What Comes After Repeal? How to Fix American Health Care, Part 2
Jim DeMint /
Thursday, I laid out the case for why Obamacare should be repealed, instead of propped up and tinkered on by additional top-down, boardroom thinking. It’s clear that whatever replaces Obamacare must focus on quality and incremental local solutions, not one-size-fits-all government mandates.
In this respect, the federal government’s biggest task for replacing Obamacare is to get out of the way and let state policymakers and health care providers innovate.
First off, let’s get clear what Americans want: They’d like many choices of affordable health insurance plans that allow them to choose their doctors. They want to buy a plan when they are young, then keep their plan from job to job and into retirement. And they’d like it to be truly affordable. These “must haves” are obvious to people of any political orientation.
Instead of approaching this challenge like designing a single system or product (the way Obamacare was constructed), Congress needs to help these conditions develop organically, while preserving freedom of choice for Americans. Here are some further thoughts.
Expand health savings accounts. As we age, our need for medical care increases, yet current government policies offer few incentives for people to save for their future health care needs. The one exception is health savings accounts, which are tax-deductible accounts owned by individuals that roll over from year to year. But those accounts are currently available for just one type of insurance plan—a high-deductible plan.
The improvement would be to expand the scope of health savings accounts so that they can be used with any type of insurance design, as well as to become the accounts into which any funds (either private or public) to help pay for health care needs can be deposited. That way, people would not only have more options, but also a place to keep (for future needs) any savings they get from buying better value insurance and medical care.
Create space for diverse payment models. Congress should remove regulatory obstacles to innovative approaches to providing or paying for medical care. For instance, many direct primary care practices use a monthly subscription payment model instead of the traditional fee-for-service model. This model eliminates significant administrative costs and allows doctors to spend more time with patients. Yet federal and state regulations that inappropriately treat those payments as insurance (as opposed to payments for medical care) further inhibit adoption of this approach that simultaneously reduces costs while improving quality.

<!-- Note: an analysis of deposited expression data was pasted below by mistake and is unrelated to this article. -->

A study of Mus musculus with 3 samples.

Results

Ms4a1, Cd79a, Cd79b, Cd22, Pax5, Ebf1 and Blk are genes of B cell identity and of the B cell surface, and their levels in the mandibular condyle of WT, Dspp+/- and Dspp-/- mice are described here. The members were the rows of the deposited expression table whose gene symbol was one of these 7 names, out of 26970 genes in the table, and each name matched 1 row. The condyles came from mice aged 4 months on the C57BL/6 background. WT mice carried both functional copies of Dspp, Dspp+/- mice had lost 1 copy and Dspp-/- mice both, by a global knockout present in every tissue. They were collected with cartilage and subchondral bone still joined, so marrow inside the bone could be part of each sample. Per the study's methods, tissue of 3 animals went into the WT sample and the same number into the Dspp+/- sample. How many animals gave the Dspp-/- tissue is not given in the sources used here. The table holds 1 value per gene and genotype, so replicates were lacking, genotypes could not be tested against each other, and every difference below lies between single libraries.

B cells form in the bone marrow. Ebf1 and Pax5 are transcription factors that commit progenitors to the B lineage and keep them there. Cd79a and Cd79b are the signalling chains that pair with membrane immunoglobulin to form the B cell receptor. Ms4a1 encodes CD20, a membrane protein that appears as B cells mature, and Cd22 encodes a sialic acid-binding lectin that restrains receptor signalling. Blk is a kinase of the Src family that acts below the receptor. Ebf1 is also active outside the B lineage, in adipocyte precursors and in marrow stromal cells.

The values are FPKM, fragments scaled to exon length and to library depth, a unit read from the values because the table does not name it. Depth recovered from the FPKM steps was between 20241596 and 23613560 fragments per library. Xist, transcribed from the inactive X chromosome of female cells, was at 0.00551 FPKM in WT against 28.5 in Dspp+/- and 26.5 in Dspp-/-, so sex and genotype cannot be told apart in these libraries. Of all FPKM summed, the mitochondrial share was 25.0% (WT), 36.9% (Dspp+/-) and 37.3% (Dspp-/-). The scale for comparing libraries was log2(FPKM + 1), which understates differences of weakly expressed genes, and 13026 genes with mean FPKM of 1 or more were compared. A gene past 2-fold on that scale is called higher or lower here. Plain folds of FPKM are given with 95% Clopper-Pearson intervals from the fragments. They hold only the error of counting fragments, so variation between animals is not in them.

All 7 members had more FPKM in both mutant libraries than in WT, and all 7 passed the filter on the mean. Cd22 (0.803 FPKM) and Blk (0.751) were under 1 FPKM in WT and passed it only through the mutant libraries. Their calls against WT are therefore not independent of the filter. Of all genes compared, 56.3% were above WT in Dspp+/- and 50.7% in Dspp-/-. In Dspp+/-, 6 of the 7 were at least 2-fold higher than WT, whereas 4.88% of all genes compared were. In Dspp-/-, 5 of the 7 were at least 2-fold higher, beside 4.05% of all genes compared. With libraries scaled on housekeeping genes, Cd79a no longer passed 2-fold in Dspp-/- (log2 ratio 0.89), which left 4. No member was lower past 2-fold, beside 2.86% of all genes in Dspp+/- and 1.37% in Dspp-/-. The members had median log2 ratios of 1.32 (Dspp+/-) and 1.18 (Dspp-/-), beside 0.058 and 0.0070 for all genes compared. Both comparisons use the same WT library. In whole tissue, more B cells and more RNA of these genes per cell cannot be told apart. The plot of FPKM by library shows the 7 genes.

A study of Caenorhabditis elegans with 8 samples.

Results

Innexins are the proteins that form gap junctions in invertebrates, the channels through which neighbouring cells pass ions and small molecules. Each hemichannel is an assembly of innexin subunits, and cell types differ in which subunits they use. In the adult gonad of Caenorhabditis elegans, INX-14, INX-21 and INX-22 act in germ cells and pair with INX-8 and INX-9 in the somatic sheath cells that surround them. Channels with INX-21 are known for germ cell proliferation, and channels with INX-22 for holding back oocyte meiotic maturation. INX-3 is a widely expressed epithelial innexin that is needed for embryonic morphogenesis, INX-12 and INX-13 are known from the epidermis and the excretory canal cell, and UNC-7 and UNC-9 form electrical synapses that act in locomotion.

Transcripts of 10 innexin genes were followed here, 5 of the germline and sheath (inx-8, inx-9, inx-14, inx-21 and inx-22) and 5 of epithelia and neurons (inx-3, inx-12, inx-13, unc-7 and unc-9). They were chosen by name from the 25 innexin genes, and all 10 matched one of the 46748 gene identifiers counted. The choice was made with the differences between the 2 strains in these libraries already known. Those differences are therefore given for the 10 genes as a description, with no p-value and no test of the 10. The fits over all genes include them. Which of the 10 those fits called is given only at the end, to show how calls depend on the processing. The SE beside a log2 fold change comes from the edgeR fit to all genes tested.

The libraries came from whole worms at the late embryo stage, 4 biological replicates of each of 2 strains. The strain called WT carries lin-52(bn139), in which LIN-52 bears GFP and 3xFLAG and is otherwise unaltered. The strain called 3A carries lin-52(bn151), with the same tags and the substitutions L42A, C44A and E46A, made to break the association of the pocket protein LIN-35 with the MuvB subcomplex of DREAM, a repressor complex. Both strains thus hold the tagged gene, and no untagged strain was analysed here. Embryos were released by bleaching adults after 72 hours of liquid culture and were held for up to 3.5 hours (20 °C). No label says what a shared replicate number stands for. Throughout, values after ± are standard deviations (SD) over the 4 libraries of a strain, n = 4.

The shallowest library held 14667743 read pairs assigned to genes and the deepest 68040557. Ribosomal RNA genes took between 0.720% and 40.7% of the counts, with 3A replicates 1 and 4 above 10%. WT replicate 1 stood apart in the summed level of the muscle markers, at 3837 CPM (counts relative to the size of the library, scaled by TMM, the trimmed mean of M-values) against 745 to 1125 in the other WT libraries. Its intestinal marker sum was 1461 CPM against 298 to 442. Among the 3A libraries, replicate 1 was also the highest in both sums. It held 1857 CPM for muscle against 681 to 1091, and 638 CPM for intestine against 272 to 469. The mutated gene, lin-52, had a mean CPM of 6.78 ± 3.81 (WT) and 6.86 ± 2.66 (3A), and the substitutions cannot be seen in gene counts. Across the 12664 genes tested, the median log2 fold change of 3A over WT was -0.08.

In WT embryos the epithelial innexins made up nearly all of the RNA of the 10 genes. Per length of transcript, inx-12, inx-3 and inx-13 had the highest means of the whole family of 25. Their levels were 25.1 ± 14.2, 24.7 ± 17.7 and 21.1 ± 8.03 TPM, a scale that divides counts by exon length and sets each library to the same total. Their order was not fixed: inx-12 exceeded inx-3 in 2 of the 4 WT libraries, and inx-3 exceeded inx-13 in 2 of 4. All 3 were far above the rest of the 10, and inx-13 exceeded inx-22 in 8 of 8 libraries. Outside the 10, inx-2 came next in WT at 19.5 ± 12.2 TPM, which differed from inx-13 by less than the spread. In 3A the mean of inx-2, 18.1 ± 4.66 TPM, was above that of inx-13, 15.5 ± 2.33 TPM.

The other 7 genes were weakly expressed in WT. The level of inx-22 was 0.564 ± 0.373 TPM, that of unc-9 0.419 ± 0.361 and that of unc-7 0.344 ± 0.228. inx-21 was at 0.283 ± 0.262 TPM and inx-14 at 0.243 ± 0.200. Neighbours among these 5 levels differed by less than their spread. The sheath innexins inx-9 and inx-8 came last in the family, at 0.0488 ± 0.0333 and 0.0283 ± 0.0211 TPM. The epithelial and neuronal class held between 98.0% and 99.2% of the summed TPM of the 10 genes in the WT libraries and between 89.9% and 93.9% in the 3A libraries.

Allow innovative new delivery models. In a similar fashion, federal and state lawmakers should remove the regulatory obstacles to other health care delivery innovations, such as specialty hospitals, free-standing emergency rooms, and telemedicine. Indeed, too often those regulatory barriers exist not to protect patients or consumers, but rather to protect less efficient providers from competition.
In general, federal health policy should focus on establishing a few basic rules while leaving most of the detailed decisions to either the private sector or state governments.
For instance, any federal tax relief for health care expenses should be the same regardless of a person’s employment situation. Today, those with employer coverage pay no income or payroll tax on their health insurance benefits, but those purchasing coverage on their own have to use after-tax dollars to buy coverage.
In addition, those who rely on public programs should be able to take the value of their benefits in the form of a contribution that they can apply to the plan of their choice, not dumped into a one-size-fits-all government program.
The federal government should also return to the pre-Obamacare status of setting only minimal rules for insurance markets and deferring to state regulation of insurance as a financial services product.
The federal government should not attempt to design and manage America’s health care system. Federal laws and regulations should allow and encourage insurers and medical providers to compete in offering better quality care at lower costs.
This will require returning health care decision-making to patients and their doctors, and returning policymaking to the lowest level of government that is best equipped to handle it: state legislatures.
Some politicians don’t like the idea of relinquishing that power, but after seeing the results of decisions made in Washington over the last few years, I think it’s worth a try.